Is it true that adult acne is the result of a hormonal imbalance in the body? I'm thinking about trying a natural hormone acne treatment.
Answers from Lawrence E. Gibson, M.D.
Hormones likely play a role in the development of adult acne, but hormones generally aren't the root cause of acne.
It's true that some people with hormonal imbalances due to diseases such as polycystic ovary syndrome experience more problems with acne. However, most of those with adult acne have no measurable hormonal imbalance.
A number of so-called natural acne treatments promise to "equalize" hormonal imbalances to reduce adult acne breakouts. But "natural hormones" are often derived from plants. Their chemical structure is different from hormones produced in the body, so their effectiveness may be limited. And because hormonal imbalance isn't thought to play a major role in acne anyway, the premise behind such products is shaky at best.
Also, while the Food and Drug Administration has increased the regulations regarding quality and purity of dietary supplements, these products are still subject to far less oversight when it comes to effectiveness and safety.
Adult acne can be a distressing and frustrating problem. Successful treatment of severe adult acne may take months or even years. But the good news is that effective treatments are available. If you're concerned about adult acne, consult a dermatologist to learn more about safe, proven treatments. Also, check with your doctor before taking any dietary supplements, especially if you have any underlying health conditions.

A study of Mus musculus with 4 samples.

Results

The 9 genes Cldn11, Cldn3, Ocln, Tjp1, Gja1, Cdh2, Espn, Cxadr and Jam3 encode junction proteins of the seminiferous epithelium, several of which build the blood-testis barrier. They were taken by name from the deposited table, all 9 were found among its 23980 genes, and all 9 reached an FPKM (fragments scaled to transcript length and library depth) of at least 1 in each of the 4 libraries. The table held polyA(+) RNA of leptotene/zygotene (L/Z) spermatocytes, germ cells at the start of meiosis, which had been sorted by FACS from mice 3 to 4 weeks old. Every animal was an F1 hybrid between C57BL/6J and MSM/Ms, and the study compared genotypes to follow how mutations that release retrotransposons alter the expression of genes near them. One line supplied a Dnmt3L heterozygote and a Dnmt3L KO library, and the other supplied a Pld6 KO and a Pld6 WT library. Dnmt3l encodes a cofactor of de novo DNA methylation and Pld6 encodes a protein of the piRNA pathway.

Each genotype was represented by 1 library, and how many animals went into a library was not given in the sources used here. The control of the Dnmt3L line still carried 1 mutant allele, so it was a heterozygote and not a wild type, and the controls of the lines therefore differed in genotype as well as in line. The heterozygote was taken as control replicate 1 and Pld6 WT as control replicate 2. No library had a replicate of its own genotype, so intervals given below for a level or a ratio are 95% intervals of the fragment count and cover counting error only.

March 04, 2015
See more Expert Answers
- Questions and answers about acne. National Institute of Arthritis and Musculoskeletal and Skin Diseases. http://www.niams.nih.gov/Health_Info/Acne/default.asp. Accessed Feb. 25, 2015.
- Habif TP. Acne, rosacea and related disorders. In: Clinical Dermatology: A Color Guide to Diagnosis and Therapy. 5th ed. Edinburgh, U.K.; New York, N.Y.: Mosby Elsevier; 2010. http://www.clinicalkey.com. Accessed Feb. 10, 2015.
- Thiboutot D, et al. Pathogenesis, clinical manifestations, and diagnosis of acne vulgaris. http://www.uptodate.com/home. Accessed Oct. 24, 2014.
- Gibson LE (expert opinion). Mayo Clinic, Rochester, Minn. Feb. 10, 2015.
- Bauer BA (expert opinion). Mayo Clinic, Rochester, Minn. Feb. 11, 2015.
- Sood R, et al. Counseling postmenopausal women about bioidentical hormones: Ten discussion points for practicing physicians. Journal of the American Board of Family Medicine. 2011;24:202.